Falkland Islanders' right to self-determination


The people of the Falklands are British and have chosen to be so. They have the right to self-determination as set out in the UN Charter.

In recent years the Argentine government has tried to coerce the Falkland Islanders into becoming part of Argentina. For example the government has attempted to intimidate businesses involved in the hydrocarbons industry, harassed Falklands fishing vessels, threatened to cut the one air link between the Islands and South America, and closed its ports to cruise ships that visit the islands.

The UK government remains committed to promoting the rights of the Falkland Islanders and defending the islands. We work closely in partnership with the Falkland Islands Government in Stanley who are responsible for administering the internal affairs of the islands.


We continue to make clear to the Argentine government that any attempt to threaten the Falkland Islanders and undermine their economy will not succeed. There will be no negotiations on the sovereignty of the Falkland Islands unless and until the islanders decide.

The UK regrets the policy of the current Argentine government and remains keen to work with the Argentine government on areas of mutual interest in the South Atlantic (eg fisheries conservation), and promote better co-operation between Argentina and the Falkland Islands.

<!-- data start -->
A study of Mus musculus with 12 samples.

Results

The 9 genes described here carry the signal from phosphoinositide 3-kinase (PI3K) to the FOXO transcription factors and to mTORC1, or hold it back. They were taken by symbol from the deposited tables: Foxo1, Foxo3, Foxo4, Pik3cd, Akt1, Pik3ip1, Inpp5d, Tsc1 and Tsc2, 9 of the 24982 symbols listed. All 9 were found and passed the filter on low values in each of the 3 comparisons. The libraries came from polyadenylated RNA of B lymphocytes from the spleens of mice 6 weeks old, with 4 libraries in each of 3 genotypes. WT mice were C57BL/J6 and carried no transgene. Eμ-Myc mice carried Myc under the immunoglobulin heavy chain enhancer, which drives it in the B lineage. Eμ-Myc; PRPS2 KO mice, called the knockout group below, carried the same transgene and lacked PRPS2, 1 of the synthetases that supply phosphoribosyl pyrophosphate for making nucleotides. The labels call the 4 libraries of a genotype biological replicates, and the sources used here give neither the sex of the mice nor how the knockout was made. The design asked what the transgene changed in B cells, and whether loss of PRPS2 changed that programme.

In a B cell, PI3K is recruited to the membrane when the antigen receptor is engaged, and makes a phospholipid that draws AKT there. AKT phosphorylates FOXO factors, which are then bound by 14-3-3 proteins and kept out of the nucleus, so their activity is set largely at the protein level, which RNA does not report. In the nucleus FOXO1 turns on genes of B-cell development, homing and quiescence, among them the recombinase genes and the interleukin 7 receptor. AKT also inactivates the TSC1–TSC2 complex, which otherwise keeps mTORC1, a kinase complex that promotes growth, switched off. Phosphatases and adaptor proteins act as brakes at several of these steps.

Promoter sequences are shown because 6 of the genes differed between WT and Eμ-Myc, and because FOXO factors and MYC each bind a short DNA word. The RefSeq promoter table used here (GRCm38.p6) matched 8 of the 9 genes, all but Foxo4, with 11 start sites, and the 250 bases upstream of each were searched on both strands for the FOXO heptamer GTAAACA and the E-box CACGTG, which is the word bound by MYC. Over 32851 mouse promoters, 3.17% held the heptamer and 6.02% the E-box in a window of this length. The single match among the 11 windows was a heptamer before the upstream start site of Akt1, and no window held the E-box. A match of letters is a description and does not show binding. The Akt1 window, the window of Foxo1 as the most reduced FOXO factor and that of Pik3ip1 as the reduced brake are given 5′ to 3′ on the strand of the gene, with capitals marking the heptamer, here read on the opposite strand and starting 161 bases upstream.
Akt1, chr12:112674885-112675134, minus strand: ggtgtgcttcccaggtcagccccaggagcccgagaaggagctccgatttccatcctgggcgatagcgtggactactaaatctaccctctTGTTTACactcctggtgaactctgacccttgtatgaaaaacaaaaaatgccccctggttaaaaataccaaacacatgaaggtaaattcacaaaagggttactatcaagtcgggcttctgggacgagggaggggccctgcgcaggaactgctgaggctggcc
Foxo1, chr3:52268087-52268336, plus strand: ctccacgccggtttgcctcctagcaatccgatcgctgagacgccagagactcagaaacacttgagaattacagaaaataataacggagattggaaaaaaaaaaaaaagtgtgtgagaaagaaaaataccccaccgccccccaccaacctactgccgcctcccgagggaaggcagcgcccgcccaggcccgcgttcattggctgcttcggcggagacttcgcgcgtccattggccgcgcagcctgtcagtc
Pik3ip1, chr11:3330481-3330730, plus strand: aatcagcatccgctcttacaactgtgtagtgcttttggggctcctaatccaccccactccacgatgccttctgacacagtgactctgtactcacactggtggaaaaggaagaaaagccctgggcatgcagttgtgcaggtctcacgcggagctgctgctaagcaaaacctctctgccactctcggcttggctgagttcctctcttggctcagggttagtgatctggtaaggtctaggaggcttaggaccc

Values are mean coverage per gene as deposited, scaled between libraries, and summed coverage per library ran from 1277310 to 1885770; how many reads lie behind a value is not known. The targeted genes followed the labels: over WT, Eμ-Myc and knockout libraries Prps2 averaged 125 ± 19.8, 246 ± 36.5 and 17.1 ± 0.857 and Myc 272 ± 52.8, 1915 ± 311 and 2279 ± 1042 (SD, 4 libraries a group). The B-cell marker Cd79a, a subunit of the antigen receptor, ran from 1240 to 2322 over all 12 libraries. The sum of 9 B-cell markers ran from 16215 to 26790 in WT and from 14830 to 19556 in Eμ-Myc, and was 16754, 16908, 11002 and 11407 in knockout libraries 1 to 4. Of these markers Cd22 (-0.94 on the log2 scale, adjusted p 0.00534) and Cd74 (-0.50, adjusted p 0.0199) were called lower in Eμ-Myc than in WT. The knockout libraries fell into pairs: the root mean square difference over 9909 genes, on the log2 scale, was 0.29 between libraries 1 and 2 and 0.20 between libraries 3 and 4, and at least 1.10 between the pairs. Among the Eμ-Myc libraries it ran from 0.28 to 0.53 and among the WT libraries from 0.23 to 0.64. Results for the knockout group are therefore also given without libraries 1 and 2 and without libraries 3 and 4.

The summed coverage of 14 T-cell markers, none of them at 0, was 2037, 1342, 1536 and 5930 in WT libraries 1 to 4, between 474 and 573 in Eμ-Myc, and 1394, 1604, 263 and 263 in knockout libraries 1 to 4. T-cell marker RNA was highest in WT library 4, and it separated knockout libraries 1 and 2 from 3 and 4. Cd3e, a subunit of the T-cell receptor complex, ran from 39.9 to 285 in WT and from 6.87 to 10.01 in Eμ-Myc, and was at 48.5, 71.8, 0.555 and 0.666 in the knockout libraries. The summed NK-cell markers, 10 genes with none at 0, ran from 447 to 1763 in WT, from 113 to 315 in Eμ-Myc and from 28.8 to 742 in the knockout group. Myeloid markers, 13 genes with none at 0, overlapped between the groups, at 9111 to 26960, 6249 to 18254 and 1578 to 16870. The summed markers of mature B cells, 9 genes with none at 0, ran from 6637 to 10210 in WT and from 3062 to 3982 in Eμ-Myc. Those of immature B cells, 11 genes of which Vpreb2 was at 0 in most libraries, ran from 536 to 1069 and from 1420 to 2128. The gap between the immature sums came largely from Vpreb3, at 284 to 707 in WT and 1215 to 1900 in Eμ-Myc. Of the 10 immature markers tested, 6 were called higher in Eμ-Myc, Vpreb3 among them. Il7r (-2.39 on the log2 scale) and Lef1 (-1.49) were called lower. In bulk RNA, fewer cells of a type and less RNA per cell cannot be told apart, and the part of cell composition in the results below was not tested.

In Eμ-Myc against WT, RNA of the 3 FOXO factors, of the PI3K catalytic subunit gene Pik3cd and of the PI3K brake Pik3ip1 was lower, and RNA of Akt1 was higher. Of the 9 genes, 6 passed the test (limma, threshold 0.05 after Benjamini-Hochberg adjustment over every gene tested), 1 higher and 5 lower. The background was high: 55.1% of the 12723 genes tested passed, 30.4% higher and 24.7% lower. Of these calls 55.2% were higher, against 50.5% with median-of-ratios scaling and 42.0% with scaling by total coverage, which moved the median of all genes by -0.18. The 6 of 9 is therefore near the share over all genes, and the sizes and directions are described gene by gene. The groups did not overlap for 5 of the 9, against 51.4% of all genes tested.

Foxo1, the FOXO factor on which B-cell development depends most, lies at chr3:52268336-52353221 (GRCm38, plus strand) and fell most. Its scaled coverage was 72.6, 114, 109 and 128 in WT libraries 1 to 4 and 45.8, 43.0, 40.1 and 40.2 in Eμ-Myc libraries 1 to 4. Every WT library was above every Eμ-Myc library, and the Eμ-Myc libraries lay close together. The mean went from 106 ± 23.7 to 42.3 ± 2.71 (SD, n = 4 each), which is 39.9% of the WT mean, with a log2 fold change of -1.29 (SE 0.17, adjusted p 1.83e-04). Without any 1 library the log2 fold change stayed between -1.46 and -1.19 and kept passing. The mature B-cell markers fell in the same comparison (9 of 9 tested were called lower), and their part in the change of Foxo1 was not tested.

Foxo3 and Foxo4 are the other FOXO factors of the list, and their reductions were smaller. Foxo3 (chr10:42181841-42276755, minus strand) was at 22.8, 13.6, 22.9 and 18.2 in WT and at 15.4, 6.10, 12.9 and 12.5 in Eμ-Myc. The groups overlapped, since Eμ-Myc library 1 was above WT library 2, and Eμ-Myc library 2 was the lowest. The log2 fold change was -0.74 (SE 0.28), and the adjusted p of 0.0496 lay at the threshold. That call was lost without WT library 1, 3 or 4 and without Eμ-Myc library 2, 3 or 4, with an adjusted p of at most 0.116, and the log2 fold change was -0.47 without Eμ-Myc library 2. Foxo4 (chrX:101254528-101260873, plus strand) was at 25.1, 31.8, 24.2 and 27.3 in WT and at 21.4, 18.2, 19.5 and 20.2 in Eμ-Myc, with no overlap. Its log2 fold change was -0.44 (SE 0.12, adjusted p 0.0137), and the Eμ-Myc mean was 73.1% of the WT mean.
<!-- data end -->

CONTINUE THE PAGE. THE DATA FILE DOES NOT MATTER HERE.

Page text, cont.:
On 10-11 March 2013 the Falkland Islands Government held a referendum on whether or not to maintain the Islands’ status as a British Overseas Territory. There were 1513 votes (99.8%) in favour and three against. The turnout was 92% of an electorate of 1653.

As the Prime Minister and Foreign Secretary said on 12 March, the Government hopes that Argentina and other countries respect the referendum result and the Islanders’ expressed wishes, which were demonstrated beyond all doubt. The UK will remain committed to the Falkland Islanders and defend their rights to determine how they are governed, which is enshrined in the UN Charter.


The majority of the population of the Falkland Islands are British by birth or descent, with many tracing their ancestry back 9 generations to the early 19th century. Although British sovereignty dates back to the 1760s, the islands have been continuously, peacefully and effectively inhabited and administered by Britain since 1833, except in April to June 1982 when Argentine forces illegally invaded and occupied them until they were expelled by the UK task force.

Since 1982 the Falkland Islands have developed and prospered. Major industries include: fisheries, tourism, agriculture and hydrocarbons exploration currently underway. They are economically self sufficient in all areas except defence, the cost of which amounts to some 0.5 % of the total UK defence budget. The UK has responsibility for the defence and foreign affairs of the islands and with full agreement from the Falkland Islands Government, represents and acts on behalf of them in these areas.

The latest Falkland Islands Government census in 2012 indicates a resident population of 2,841 of whom 59% consider themselves to be ‘Falkland Islander’, 29% British, 9.8% St Helenian and 5.4% Chilean.